There have been many methods used over the years to try and prevent corrosion. These methods include dehumidification, evacuation of air/gases, nitrogen purges and protective barrier coatings. Each method has it’s pros and cons.
- If fully coated, oil does a decent job of repelling water on the surface of the metal, thereby preventing rust.
- Given time, moisture will diffuse through oil, make contact with the metal surface and cause corrosion or rust.
- Oils are messy and sticky to apply.
- Oils must be removed and the surface cleaned with a solvent or other method.
- Oils are hazardous and disposal may be a problem.
- Oils introduce health risks to workers.
- Oils attract dust and dirt which are not only messy but can lead to corrosion through contamination.
- If fully coated, a good RP liquid can do a decent job of repelling water on the surface of the metal, thereby preventing rust.
- Given time, moisture will diffuse through RP liquids and make contact with the metal surface and cause corrosion or rust.
- RPs can be messy and sticky to apply.
- Most RPs must be removed and the surface cleaned with a solvent or other method.
- Many RPs are hazardous and disposal may be a problem.
- Many RPs can introduce health risks to workers.
- Many RPs attract dust and dirt which are not only messy but can lead to corrosion through contamination.
- If you are mixing the RP, ratios and proper mixing methods are important and mistakes can lead to rust issues if not caught.
- If a product is able to be painted, this should provide the best method of corrosion prevention.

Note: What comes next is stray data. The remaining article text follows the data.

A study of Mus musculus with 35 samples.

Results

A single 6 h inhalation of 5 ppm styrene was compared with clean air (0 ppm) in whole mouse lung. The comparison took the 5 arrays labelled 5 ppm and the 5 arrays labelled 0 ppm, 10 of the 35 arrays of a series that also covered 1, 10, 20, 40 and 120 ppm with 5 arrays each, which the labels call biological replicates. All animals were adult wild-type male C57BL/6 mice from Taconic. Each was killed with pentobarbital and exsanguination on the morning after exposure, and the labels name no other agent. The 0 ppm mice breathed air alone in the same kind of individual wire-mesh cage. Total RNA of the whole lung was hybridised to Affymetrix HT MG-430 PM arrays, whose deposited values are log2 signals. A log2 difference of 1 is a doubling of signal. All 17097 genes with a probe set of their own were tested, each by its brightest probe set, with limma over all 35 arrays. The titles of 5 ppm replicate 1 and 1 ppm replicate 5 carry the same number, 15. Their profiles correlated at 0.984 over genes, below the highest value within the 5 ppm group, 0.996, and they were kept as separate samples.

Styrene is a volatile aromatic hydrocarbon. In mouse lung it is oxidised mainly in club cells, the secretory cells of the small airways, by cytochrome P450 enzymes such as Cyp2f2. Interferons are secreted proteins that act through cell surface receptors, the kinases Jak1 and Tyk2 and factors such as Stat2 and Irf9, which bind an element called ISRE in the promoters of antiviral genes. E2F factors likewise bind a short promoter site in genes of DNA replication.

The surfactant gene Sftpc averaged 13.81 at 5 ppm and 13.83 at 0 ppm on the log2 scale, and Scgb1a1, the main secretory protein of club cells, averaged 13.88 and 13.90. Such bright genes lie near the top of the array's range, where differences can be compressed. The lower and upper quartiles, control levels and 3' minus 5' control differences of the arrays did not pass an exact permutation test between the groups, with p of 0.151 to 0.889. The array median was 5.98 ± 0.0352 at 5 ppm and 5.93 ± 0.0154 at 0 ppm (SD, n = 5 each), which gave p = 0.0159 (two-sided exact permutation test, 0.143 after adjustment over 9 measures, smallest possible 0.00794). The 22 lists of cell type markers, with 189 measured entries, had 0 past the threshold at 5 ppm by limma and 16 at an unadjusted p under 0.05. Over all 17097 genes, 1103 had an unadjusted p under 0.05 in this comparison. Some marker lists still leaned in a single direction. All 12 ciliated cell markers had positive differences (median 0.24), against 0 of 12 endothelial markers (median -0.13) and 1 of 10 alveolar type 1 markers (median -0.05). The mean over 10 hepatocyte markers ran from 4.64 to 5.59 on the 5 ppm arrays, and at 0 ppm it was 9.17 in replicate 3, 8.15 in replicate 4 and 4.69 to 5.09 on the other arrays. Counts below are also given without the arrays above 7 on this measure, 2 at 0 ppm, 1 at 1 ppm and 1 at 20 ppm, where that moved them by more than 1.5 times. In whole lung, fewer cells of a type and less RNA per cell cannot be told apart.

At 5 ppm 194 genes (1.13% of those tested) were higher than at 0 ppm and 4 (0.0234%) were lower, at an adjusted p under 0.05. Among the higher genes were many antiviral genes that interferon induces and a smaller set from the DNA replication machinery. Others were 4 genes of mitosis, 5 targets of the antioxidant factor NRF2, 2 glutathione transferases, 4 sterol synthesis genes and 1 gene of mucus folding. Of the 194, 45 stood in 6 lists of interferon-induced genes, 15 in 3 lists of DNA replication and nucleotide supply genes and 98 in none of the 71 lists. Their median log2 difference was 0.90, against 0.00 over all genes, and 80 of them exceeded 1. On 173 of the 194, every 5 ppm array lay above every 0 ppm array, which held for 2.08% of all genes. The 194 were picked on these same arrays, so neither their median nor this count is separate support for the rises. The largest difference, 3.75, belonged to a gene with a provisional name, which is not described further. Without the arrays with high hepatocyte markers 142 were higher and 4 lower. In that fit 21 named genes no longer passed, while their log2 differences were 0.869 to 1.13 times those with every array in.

- A paint is visible on the surface providing assurance that a metal parts has been coated.
- It is typically not practical or feasible to paint a metal part that is used in engines, transmissions, electronics, or other critical applications.
- Paints are messy to apply.
- Paints are permanent and not likely to be removed.
- Paints can introduce health risks to workers.
- Alters the environment to remove moisture and humidity.
- Can work well when applied with a good vapor corrosion inhibitor.
- Adsorbs moisture in the air but doesn’t address the surface of the metal.
- Once desiccant pack reaches maximum adsorption it ceases to work.
- Does little to affect other corrosive effects such as gases, contaminants or acidic materials in packaging.
- In large packaging scenarios, it is not practical to rely solely on desiccants to desiccate an area; must be used in combination with other materials.
Vapor Corrosion Inhibitors
- Clean, safe, easy to use.
- Combines packaging materials with corrosion inhibitor.
- No messy liquids; leaves returnable packaging and shop environment clean.
- Good VCIs contain no hazardous chemicals to humans or environment.
- Good VCIs have a lasting effect for long term storage yet work quickly to saturate airspace.
- Volatilization of chemical allows VCIs to replenish themselves.
- Ideal for shipping and both short and long term storage.
- Can be used in-process in a production setting.
- Safe on other materials such as plastics, rubber and vinyl.
- Not permanent; allows for flexibility.
- May require to be used in combination with other corrosion inhibitors for outside storage.
- Not permanent like a paint.
- Abundance of water infiltration can wash out VCI.
- If rust is already present, may not work as well as an oil in masking a problem.